A one-year-old female spayed Labrador presented to the referring veterinarian for 24 hours of inappetence, polydipsia and diarrhea. She was adopted the day before from a rescue organization. The dog had been spayed three weeks earlier at an unknown veterinary clinic. The surgery and recovery were described as routine on the adoption papers, and the dog had been otherwise healthy (updated on vaccinations and deworming). At presentation to the referring clinic, the dog was painful upon caudal abdominal palpation. CBC and chemistry panel were unremarkable aside from a neutropenia (4700 cells/microliter) and a lymphocytosis (3700 cells/microliter). She was referred to DoveLewis for an ultrasound with the primary differentials of a stump pyometra or intestinal foreign body.
Upon presentation at DoveLewis, the dog exhibited a normal TPR, adequate hydration, normal blood pressure and was alert and ambulatory. Other than the painful caudal abdomen and dark brown diarrhea, her physical exam was unremarkable. An ultrasound examination showed the body of the uterus extending 2.5 cm cranial to the cranial aspect of the urinary bladder. A 2.8 cm heterogeneous mass involving the cranial aspect of the uterus was visualized with fluid pockets in the region of the mass. No evidence of diffuse peritonitis was observed, and the remainder of the abdomen was unremarkable. The primary differentials based on ultrasound included abscess or granuloma.
Exploratory celiotomy was performed shortly after ultrasound examination. A dark red to black cystic structure was found associated with the amputated end of the uterine body. Omentum was adhesed to the abscess, colon, spleen and ovarian pedicles. Omentum was resected using electrocoagulation to allow complete excision of the uterine body and associated abscess. Both ovarian pedicles were inspected and no gross evidence of ovarian tissue was found. Both pedicles were ligated deep to the existing ligatures and approximately 0.5cm of tissue removed. The abdomen was lavaged and closed in routine fashion. The dog recovered well from surgery and went home the following morning on amoxicillin-clavulanate and tramadol for pain management. Seven months following surgery, the dog was doing well.
Uterine stump abscess, often referred to as stump pyometra, is inflammation and bacterial infection of the portion of uterine body left behind after ovariohysterectomy. Reports of dogs presenting with stump pyometra show a window of opportunity anywhere from days to years following OHE. Potential causes include suture reaction (both absorbable and non-absorbable suture have been implicated), poor surgical technique (rough tissue handling or failure of asepsis), residual infection (pyometra present at OHE), excessive devitalized uterine stump (tissue cranial to the ligatures), ascending infection, and activity of endogenous or exogenous reproductive hormones (progesterone +/- estrogen). An open cervix and favorable uterine conditions during proestrus and estrus means that even healthy dogs have bacteria within the uterus in these two estrous phases. In the dog of this report, her estrous stage at the time of OHE was unknown, as were any details of the surgery itself. The clients declined culture of the abscess and histopathology of the ovarian pedicle remnants. Close inspection of the excised ovarian pedicle remnants following surgery did not suggest any glandular tissue; however, microscopic evaluation was not pursued. Sharp dissection of the excised abscess demonstrated a knotted loop of monofilament suture (suspected absorbable) no longer encircling the uterine stump but still loosely attached to the wall of the uterus. The material within the cystic portion of the abscess was dark purple and viscous. A brief microscopic exam of the purulent debris demonstrated cocci and degenerate neutrophils.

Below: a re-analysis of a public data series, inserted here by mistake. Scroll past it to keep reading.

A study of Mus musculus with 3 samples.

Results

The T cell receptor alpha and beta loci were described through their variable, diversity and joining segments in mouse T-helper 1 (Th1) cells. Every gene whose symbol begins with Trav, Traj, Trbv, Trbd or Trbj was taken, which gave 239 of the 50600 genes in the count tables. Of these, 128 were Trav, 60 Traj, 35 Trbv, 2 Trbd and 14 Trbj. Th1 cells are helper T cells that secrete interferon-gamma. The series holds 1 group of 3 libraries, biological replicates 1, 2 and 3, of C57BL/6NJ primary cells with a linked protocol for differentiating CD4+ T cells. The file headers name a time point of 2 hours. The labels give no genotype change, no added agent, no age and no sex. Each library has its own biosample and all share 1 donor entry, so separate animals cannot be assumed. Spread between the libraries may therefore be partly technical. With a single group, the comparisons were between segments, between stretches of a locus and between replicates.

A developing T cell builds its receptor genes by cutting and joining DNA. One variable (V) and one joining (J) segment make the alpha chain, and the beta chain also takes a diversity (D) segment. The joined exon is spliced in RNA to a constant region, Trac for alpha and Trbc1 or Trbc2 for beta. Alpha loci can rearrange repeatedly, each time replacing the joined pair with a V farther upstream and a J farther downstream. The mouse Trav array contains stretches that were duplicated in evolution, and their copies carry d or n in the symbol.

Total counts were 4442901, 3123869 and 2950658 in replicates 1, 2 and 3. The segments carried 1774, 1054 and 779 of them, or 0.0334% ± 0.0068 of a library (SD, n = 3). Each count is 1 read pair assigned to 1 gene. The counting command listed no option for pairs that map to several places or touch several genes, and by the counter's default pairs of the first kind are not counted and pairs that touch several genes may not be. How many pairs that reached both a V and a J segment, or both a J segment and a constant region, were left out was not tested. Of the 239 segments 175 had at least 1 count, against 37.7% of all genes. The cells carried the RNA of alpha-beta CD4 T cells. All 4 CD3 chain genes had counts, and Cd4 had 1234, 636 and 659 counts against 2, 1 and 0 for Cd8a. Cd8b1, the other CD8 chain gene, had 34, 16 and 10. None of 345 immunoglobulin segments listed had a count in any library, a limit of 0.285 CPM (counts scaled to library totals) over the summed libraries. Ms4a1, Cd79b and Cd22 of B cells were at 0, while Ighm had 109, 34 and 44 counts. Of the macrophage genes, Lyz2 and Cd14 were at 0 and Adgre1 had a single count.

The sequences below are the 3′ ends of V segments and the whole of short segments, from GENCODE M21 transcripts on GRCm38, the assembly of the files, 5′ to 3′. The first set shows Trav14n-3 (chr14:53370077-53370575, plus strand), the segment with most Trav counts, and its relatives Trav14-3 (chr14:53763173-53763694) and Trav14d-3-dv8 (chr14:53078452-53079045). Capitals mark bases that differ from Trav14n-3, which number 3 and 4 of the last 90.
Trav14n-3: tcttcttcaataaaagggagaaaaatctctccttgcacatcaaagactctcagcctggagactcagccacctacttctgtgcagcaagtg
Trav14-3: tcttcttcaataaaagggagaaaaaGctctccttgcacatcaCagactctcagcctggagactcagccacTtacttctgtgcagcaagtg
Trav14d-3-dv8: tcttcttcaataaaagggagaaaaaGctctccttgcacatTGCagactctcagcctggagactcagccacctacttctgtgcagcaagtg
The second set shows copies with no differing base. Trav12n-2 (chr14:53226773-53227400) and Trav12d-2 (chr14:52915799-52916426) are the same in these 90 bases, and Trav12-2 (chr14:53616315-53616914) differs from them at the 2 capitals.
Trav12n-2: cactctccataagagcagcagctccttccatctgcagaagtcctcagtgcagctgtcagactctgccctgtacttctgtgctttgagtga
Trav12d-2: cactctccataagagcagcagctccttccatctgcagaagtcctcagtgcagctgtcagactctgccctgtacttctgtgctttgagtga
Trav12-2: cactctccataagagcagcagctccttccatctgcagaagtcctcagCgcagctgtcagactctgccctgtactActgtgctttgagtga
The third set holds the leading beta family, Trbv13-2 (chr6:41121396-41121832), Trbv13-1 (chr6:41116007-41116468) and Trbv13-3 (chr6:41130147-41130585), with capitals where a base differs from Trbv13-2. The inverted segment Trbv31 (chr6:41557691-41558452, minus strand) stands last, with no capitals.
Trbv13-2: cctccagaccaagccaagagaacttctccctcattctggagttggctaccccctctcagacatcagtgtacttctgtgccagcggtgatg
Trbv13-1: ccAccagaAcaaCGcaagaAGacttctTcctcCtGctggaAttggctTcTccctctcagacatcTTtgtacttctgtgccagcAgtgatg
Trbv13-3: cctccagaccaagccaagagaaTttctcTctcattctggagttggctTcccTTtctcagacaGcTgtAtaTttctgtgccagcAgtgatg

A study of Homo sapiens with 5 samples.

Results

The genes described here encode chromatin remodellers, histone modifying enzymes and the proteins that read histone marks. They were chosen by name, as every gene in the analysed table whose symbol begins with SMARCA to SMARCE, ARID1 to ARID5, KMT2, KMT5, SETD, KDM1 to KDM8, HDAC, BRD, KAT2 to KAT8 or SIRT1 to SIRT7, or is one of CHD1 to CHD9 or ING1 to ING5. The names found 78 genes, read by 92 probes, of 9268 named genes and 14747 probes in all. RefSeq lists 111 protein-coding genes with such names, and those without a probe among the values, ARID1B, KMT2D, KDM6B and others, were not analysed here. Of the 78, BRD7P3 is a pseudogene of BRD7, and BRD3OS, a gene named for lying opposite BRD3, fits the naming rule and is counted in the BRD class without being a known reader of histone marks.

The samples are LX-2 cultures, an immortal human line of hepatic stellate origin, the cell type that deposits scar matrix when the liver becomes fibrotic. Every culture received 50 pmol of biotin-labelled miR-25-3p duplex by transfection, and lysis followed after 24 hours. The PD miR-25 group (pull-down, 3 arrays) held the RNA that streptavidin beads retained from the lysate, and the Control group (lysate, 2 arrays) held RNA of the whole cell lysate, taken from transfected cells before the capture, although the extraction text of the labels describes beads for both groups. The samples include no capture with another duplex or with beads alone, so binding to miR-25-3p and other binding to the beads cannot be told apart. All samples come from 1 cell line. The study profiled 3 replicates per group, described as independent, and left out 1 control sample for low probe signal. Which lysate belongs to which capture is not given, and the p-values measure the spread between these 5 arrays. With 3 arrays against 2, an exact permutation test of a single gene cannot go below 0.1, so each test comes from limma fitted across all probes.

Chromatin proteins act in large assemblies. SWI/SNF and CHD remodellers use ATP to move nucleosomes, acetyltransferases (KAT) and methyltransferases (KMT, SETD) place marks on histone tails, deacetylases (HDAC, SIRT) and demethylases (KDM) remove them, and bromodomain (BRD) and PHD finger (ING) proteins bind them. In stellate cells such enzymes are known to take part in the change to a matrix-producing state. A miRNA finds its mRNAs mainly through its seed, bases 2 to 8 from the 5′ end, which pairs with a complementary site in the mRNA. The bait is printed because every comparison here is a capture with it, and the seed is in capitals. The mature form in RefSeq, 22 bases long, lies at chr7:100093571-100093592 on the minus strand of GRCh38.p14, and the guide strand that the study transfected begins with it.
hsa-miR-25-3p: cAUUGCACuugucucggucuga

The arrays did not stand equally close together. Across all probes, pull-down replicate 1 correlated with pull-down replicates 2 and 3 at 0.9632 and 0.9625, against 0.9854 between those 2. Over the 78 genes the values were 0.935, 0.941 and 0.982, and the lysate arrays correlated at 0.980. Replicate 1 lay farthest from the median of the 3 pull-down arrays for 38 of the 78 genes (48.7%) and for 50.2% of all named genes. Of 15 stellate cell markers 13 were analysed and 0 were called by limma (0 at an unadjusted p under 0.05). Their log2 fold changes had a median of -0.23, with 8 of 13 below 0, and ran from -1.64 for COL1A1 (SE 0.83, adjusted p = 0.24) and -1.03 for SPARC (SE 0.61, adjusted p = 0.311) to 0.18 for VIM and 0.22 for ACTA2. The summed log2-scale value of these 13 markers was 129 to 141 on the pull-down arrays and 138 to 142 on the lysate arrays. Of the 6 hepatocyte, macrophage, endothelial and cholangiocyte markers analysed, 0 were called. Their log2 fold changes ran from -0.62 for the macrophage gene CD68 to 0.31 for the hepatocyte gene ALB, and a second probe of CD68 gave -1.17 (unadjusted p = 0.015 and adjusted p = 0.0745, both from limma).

Clinical signs for uterine stump abscess can mirror pyometra in an intact female dog, including depression, lethargy, inappetence, vomiting, abdominal pain, PU/PD, and vaginal discharge. CBC and chemistry changes are similarly non-specific and may include a neutrophilia (with or without a left shift), monocytosis, non-regenerative anemia, hyperglobulinemia and azotemia. Ultrasonography is the diagnostic of choice; however, conclusive evidence of infection (as opposed to inflammation alone) may require exploratory celiotomy.
The recommended treatment of stump pyometra is excision of all infected tissue to the level of the cervix (or including the cervix in some cases). If excision of the entire abscess is not possible due to involvement of other critical structures (e.g. neurovascular supply for the bladder), drainage and omentalization is an acceptable alternative. Ovarian pedicles should be closely inspected and any tissue of questionable glandular origin (retained ovarian tissue) excised. Complications are the same as any other abdominal surgery involving the female reproductive tract, including hemorrhage, septicemia, endotoxemia, peritonitis, dehiscence, urinary tract injury, incontinence, and other organ system disease secondary to septicemia. Prognosis is good with early surgical intervention and complete excision. Patients in which the uterine stump abscess has ruptured resulting in septic peritonitis and/or septicemia have a guarded prognosis with aggressive therapy.